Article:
Though it’s shaped like a teardrop in the midst of the waves, the fact is that Sri Lanka is the “ocean in a drop” — there’s an entire universe of culture and nature that is cradled within its varied terrain.
Sri Lanka reveals itself to you in vivid colour, and draws you in.
The hilly ‘high country’ around Kandy is known for its rich culture. This is the stronghold of folklore, myth and legend. It’s also a great jumping off spot to explore the ancient ruins of the Hindu and Buddhist empires at Anuradhapura, Polonarawa and Dambule. Hike up to Sigiriya fort atop a steep cliff, for culture with a dash of adventure, and if wildlife is your sweet spot, then the national parks in Central Sri Lanka have a large population of Asiatic Elephants and several species of waterfowl.
Wind your way down into the ‘tea country’ as the tea-gardens and estates are known. The region around Nuwara Eliya is known for its sublime climate and lush landscape.
This part of the country oozes old world colonial charm, and many of the tea bungalows, where you can spend a few nights, reflect the typical “English Cottage” style of architecture. You can opt to be active and hike or bike along the many miles of tea-trails that weave through the countryside, or relax (with a cup of Ceylon tea, of course) and soak up the gentle sunshine.
Make your way down to the ‘low country’ as you leave the hills and come down to the gorgeous beaches that dot the Galle Coast.
Beach hop between Unawatuna for a relaxing swim or watersports, Hikkeduwa for snorkeling and diving, Ahangama for surfing. The south coast is sprinkled with paddy fields, villages, and coconut groves which make it ideal for bicycle rides, walk and picnics.
The Galle Coast is world-renown for its stilt fishermen and whale migration. A short distance from Galle Fort, the coast off Mirissa is the best jumping off spot for a whale-watching expedition.
If you’re more of a land-lubber, then a visit to a local turtle hatchery is a great sight, especially for kids, to watch Olive Ridley and Leatherback turtles as they are born.
But if you want to explore the wild, then head over to parks like Yala, which is famous for its leopards, or Willipattu, if you’re an avid birdwatcher. Explore our wildlife section to learn more.
The ‘low country’ is rich in folk culture. It is especially known for its native music and indigenous instruments that are played with gusto during local festivals.
The coast is also dotted with ancient temples, shrines and stupas which pop into your line of vision at unexpected intervals. Culture takes a different turn when you enter the walls of Galle Fort, a Portuguese fortress, until the Dutch came and took over. Galle was an important trade point on the Spice Route, and even today, the region is world-famous for its local cinnamon and various other medicinal herbs and spices.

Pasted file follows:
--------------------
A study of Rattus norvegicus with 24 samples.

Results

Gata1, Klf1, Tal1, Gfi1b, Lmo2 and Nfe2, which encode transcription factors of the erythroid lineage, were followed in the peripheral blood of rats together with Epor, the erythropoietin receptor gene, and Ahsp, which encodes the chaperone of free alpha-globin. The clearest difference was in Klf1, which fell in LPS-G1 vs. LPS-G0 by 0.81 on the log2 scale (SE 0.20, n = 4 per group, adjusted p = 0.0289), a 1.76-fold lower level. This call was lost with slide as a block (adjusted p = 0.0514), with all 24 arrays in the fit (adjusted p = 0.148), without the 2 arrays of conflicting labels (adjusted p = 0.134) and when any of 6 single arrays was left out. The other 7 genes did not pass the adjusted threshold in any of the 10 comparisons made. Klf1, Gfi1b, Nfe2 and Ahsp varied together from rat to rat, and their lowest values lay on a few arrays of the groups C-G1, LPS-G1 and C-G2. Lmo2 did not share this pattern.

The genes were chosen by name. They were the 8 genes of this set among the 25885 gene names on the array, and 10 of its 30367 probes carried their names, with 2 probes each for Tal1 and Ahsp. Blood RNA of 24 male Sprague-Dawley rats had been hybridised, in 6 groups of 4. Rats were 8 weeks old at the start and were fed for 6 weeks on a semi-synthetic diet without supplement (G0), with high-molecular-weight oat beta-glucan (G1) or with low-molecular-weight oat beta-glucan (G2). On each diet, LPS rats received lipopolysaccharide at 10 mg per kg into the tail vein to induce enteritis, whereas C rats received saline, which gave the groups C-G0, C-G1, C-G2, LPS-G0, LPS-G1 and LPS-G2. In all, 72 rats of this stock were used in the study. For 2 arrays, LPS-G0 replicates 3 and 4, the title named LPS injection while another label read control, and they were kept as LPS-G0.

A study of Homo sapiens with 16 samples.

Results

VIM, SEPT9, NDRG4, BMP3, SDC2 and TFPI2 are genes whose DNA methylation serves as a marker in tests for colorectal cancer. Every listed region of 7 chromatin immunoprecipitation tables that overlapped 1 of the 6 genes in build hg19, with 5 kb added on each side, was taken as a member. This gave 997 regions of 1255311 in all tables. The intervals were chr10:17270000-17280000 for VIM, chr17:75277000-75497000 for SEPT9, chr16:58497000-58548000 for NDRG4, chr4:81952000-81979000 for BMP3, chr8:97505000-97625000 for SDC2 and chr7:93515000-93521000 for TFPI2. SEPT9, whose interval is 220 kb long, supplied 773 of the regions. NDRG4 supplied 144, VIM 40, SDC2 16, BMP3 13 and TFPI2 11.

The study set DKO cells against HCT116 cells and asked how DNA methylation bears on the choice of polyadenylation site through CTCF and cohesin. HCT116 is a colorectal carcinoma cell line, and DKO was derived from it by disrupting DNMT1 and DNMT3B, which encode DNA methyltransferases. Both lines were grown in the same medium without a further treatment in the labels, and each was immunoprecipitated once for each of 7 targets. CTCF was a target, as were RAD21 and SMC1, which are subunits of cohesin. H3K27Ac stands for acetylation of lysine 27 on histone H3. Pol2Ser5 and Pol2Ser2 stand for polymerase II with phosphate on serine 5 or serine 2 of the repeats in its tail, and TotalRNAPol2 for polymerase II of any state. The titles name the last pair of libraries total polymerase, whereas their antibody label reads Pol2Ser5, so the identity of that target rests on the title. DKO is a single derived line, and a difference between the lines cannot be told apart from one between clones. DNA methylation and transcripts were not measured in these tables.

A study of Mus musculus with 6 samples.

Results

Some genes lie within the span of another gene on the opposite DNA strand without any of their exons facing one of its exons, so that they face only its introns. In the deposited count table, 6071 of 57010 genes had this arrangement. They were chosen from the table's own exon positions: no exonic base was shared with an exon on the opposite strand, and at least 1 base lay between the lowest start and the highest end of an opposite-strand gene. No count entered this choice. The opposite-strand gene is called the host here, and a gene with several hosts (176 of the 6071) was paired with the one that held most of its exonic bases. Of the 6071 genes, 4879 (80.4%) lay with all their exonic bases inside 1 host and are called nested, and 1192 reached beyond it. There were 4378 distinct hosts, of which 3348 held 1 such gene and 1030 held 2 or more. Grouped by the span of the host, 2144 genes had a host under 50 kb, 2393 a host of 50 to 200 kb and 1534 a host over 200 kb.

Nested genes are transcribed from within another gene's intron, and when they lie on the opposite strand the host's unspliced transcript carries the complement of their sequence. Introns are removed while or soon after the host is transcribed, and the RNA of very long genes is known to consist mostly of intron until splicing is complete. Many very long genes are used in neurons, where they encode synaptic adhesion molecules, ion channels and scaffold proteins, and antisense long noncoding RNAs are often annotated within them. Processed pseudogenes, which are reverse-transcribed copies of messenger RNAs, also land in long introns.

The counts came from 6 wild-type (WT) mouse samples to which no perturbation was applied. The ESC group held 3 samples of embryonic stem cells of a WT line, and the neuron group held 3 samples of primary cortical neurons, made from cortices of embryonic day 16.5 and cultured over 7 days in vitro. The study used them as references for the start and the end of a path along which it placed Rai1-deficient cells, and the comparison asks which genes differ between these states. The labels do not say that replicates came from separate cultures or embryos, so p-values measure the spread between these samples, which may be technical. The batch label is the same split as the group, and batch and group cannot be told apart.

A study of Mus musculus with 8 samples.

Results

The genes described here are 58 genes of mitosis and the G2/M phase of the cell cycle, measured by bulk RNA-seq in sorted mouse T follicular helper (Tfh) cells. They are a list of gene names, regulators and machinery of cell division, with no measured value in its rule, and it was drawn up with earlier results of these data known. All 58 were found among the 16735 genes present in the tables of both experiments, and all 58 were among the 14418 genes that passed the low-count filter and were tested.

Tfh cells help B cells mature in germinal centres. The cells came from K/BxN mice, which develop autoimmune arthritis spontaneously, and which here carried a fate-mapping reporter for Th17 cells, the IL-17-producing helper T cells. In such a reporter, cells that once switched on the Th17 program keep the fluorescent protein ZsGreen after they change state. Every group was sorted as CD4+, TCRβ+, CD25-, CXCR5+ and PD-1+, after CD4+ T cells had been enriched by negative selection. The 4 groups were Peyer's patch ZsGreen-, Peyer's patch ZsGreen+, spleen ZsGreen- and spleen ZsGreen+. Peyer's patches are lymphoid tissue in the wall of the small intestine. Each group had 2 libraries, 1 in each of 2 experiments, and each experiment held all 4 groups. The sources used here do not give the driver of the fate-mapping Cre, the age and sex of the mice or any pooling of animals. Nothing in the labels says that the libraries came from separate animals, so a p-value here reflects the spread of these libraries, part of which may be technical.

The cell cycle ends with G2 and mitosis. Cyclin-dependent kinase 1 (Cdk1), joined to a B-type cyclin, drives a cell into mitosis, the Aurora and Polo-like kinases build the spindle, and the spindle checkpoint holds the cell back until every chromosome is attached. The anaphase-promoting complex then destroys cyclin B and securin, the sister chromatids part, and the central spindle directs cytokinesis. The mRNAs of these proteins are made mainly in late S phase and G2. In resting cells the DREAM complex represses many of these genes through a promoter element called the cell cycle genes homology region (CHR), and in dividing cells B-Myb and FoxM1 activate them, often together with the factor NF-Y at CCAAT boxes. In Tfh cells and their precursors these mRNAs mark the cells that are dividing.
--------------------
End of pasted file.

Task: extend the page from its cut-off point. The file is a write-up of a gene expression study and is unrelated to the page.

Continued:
Sri Lanka is ideal for a wellbeing or a fitness getaway. Its gorgeous environs are perfect for meditation, yoga and massage, and the cuisine is light, nutritious and flavourful. Amazing seafood, tropical fruit, and fresh produce, garnished with local herbs make the cuisine divine.
A tender coconut water with a splash of the local arak (rum) and some devilled cashewnuts are the perfect prelude to a fantastic evening or night out on the town.
Galle and Colombo have a cosmopolitan vibe, and an upbeat local scene. Local cafeteria or Michelin star restaurant, lounge bar or beach shack, it’s all in the mix.
Browse through a local bookshop, learn more about Sri Lankan contemporary art, sway to the beat of a homegrown band, or hang out at a local festival. Both cities have a distinct architectural edge, mostly thanks to Geoffrey Bawa, the world renown architect who came from Sri Lanka.
In fact, a lot of the old Dutch settlement has been reinvented as recreational zones.
Restaurants, bars, art galleries and boutiques fill up the nooks and crannies of historic buildings like the Dutch Hospital and the Dutch Fort. Contemporary Sri Lanka has absorbed its colonial heritage into its cultural blend.
You might be amused to find that every evening at sunset, a small group of men outfitted in kilts, play the bagpipes at the Galle Face Hotel in Colombo, while you nibble on bite-size cucumber sandwiches and chocolate eclairs. It’s a world away from the cheerful chaos of the local markets in Colombo, which are just a short tuk-tuk ride away, and the bustle around the main railway station.
The Sri Lankan railway is iconic. The railroad cuts through tropical jungle and takes you all the way from Colombo in the west to Trincomalee in the east, with several off-shoots. If you want to experience the romance of the railroad, do it in Sri Lanka.
Stop off at little stations like Ella, that lead you to cascading waterfalls, undulating valleys, and tropical greenery, which steal your heart away. Take the train due east and get off at journey’s end, Trincomalee, from where you can explore the unspoiled beaches of the east coast, terrific diving at Pigeon Hole and surfing at Arugam Bay.
Sri Lanka is the perfect getaway. Oozing charm from every pore, and full of quirky inspiration, it sweeps you off your feet.